News

New Hypertension Guidelines from The American Heart Association

Nov 15, 2017

Highlights A Report of the American College of Cardiology/American Heart Association Task Force on Clinical Practice Guidelines
For years, hypertension was classified as a blood pressure (BP) reading of 140/90 mm Hg or higher, but the updated guideline classifies hypertension as a BP reading of 130/80 mm Hg or higher. The updated guideline also provides new treatment recommendations, which include lifestyle changes as well as BP-lowering medications.

Change in classification of BP:

Based on risk and clinical trial experience, this guideline recommends a new approach to classification of blood pressure (BP) in adults. Compared to the systolic BP (SBP) and diastolic BP (DBP) levels used to designate the presence of hypertension in recent previous guidelines (average SBP ≥140 mm Hg or average DBP ≥90 mm Hg), this guideline recommends use of an average SBP ≥130 mm Hg or an average DBP ≥80 mm Hg.

More hypertension patients:

Because the new definition of hypertension is lower (130/80 mm Hg), more people will be classified as having hypertension. However, most of these new patients can prevent hypertension-related health problems through lifestyle changes alone.

Focus on accurate measurements:

To ensure accurate measurements, make sure the instrument you are using is properly calibrated. The updated guideline also stresses the basic processes for accurately measuring BP, including some simple yet critical actions before and during measurements.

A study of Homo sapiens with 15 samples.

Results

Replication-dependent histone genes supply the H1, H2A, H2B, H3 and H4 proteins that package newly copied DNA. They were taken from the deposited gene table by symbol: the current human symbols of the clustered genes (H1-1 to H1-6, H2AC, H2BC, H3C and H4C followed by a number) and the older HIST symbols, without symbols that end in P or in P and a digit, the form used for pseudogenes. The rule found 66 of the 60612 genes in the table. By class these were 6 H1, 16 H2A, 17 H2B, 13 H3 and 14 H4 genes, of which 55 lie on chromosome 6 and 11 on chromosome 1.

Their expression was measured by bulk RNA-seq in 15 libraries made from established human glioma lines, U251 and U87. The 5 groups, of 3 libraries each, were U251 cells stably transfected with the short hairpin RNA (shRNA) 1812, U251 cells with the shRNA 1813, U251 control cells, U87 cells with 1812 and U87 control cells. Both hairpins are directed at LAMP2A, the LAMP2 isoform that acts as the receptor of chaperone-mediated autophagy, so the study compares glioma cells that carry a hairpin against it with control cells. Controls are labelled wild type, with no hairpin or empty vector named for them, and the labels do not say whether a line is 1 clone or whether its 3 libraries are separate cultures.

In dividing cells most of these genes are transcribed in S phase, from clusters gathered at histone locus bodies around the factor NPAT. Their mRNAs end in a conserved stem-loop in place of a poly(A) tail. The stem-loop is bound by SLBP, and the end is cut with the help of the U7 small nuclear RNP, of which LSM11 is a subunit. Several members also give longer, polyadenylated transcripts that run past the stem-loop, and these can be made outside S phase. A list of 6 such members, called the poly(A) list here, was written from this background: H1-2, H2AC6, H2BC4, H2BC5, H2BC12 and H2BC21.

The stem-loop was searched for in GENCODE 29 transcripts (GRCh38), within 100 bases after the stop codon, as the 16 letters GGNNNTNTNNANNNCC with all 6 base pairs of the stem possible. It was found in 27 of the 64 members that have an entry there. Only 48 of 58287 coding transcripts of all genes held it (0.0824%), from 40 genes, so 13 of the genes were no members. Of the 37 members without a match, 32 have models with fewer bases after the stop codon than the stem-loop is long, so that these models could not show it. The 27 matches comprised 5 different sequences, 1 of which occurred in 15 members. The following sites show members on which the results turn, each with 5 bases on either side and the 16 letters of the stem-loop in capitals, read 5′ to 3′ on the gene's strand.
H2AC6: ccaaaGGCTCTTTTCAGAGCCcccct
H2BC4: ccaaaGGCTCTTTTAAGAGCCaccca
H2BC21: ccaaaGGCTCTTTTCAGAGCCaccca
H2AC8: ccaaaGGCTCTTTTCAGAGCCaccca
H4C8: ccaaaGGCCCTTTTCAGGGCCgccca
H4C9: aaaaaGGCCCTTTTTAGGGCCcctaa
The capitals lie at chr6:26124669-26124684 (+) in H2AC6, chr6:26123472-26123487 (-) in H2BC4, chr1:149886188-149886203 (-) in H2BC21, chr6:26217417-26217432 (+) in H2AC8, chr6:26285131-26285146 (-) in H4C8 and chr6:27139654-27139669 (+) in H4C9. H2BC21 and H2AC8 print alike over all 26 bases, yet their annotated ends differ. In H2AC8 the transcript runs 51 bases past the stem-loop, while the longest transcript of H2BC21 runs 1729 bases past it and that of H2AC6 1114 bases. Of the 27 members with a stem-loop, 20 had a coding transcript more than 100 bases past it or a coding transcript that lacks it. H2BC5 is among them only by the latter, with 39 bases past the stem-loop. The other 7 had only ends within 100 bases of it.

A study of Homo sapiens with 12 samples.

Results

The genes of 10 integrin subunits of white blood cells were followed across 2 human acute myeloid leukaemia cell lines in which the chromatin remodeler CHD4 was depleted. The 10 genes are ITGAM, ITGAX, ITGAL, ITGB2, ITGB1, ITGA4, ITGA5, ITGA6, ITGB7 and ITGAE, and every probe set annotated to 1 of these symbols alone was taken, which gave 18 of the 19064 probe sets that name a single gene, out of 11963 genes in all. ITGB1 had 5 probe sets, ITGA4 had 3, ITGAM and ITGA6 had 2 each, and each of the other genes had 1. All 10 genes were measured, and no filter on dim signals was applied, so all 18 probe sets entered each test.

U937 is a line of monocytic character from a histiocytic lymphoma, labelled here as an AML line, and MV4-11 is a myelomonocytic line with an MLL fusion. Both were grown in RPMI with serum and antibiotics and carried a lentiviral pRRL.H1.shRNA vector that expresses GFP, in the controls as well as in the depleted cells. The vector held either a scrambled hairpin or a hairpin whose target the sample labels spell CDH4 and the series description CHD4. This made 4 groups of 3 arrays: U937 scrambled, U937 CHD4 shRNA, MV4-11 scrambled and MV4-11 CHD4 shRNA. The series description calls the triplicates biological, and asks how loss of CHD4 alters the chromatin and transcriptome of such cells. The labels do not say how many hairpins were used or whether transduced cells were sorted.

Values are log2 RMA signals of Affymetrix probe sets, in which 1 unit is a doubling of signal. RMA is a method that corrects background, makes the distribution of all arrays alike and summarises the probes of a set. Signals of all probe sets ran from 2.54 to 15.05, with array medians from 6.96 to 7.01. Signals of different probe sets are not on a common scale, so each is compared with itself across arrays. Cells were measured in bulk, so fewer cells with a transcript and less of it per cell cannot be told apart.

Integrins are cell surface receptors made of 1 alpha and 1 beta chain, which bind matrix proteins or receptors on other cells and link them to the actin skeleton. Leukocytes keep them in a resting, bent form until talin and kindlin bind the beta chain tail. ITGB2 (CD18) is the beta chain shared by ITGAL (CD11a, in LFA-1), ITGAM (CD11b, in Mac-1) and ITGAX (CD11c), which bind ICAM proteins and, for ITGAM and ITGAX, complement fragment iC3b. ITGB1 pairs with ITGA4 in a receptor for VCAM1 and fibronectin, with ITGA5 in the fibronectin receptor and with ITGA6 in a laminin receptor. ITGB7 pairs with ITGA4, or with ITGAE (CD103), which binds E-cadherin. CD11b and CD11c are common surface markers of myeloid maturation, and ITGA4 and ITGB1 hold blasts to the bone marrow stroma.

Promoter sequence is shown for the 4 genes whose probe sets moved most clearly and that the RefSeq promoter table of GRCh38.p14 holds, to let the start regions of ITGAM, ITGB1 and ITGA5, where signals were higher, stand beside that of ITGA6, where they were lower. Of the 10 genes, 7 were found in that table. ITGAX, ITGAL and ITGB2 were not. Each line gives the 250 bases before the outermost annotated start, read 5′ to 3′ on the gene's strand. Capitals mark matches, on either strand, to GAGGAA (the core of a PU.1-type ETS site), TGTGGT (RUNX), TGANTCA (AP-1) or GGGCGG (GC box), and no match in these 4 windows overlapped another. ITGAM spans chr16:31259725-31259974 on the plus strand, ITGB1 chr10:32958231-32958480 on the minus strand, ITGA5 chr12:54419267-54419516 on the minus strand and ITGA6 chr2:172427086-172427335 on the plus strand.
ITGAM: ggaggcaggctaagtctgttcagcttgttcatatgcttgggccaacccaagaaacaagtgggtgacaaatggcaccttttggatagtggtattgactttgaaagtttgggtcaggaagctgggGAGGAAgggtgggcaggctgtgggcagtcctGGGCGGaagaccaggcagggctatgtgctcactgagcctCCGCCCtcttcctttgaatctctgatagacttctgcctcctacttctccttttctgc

Focus on self-monitoring:

Office BPs are often higher than ambulatory or home BPs, so the updated guideline emphasizes having patients monitor their own BP for hypertension diagnosis, treatment, and management.

Non-pharmacological treatment recommendations:

The updated guideline presents new treatment recommendations, which include lifestyle changes as well as BP-lowering medications. These lifestyle changes can reduce systolic BP by approximately 4 to 11 mm Hg for patients with hypertension, with the biggest impacts being changes to diet and exercise.

  • In addition to promoting the DASH diet, which is rich in fruits, vegetables, whole grains, and low-fat dairy products, the updated guideline recommends reducing sodium intake and increasing potassium intake to reduce BP. However, some patients may be harmed by excess potassium, such as those with kidney disease or who take certain medicines.
  • Each patient’s ideal body weight is the best goal, but as a rule, expect about a 1 mm Hg BP reduction for every 1 kg reduction in body weight.
  • Recommendations for physical activity include 90 to 150 minutes of aerobic and/or dynamic resistance exercise per week and/or 3 sessions per week of isometric resistance exercises.
  • For patients who drink alcohol, aim for reducing their intake to 2 or fewer drinks daily for men and no more than 1 drink daily for women.

Pharmacologic recommendations:

Decisions to manage hypertension using BP-lowering medication, in addition to nonpharmacological interventions, should be based on level of BP together with the patient’s underlying risk for cardiovascular disease such as heart attack or stroke. Recommendations are provided for BP medication treatment thresholds in the context of underlying risk of cardiovascular disease, BP targets during therapy, and follow-up after initiation of therapy.

 

NOTE:

For BP measurement and management of hypertension, please Contact Us at the Health Services.